Casino mogul Steve Wynn during a news conference in Medford, Mass., Tuesday, March 15, 2016.

Updated Thursday, Feb. 1, 2018 | 3:38 p.m.

PHILADELPHIA — The University of Pennsylvania announced Thursday that it will remove casino mogul Steve Wynn's name from a campus plaza and revoke honorary degrees given to him and comedian Bill Cosby in the wake of sexual misconduct allegations against both men.

The Ivy League school's president, Amy Gutmann, and chair of its board of trustees, David Cohen, said in a joint statement that the decision was made after deliberations among deans, faculty, alumni and trustees.

"It is incumbent on all of us to address these issues wherever and whenever we find that they affect our extended community," they said. Wynn's name also will be removed from a scholarship fund.

The university said it has been a century since it took away an honorary degree, but "credible" allegations against the men warranted the action.

The Wall Street Journal last week reported that a number of women said they were harassed or assaulted by Wynn, with one case leading to a $7.5 million settlement.

Wynn has strongly denied the allegations, attributing them to a campaign led by his ex-wife. He resigned Saturday as finance chairman of the Republican National Committee.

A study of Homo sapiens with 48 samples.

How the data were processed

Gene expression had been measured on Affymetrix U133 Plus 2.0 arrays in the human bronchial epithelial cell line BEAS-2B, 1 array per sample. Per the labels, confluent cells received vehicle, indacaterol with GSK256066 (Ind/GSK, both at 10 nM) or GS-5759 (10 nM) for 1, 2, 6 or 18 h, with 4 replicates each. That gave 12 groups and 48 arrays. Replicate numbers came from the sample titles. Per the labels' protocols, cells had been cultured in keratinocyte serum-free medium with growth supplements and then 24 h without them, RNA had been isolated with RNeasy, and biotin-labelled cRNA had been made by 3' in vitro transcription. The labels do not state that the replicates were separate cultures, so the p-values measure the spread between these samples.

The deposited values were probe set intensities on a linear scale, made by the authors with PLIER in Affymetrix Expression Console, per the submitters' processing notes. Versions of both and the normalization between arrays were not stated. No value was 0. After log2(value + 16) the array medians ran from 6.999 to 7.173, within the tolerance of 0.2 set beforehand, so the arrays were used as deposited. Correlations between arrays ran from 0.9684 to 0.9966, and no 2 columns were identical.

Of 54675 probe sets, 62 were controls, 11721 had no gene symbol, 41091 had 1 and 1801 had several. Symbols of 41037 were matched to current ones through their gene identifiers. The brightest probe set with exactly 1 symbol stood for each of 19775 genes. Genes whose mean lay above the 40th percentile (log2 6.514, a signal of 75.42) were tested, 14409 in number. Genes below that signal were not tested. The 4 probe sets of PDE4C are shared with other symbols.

Wynn Resorts spokesman Michael Weaver said Wynn had no comment.

Following the Wall Street Journal report, the University of Iowa also said it would remove Wynn's name from a research institute.

Cosby, who has had honorary degrees stripped by multiple universities, is scheduled to be retried in April on charges that he drugged and molested a woman in 2004 at his home near Philadelphia. His previous trial ended with a hung jury. His spokesman did not immediately return a voicemail seeking comment.

In 2015, a university spokesman told the campus newspaper that while the school found allegations against Cosby "deeply troubling," it was not Penn's practice to rescind honorary degrees.

In its statement Thursday, the university said the decision to strip Wynn of his honorary degree "made it also clear that the multiple and highly credible charges involving Bill Cosby warranted the same action."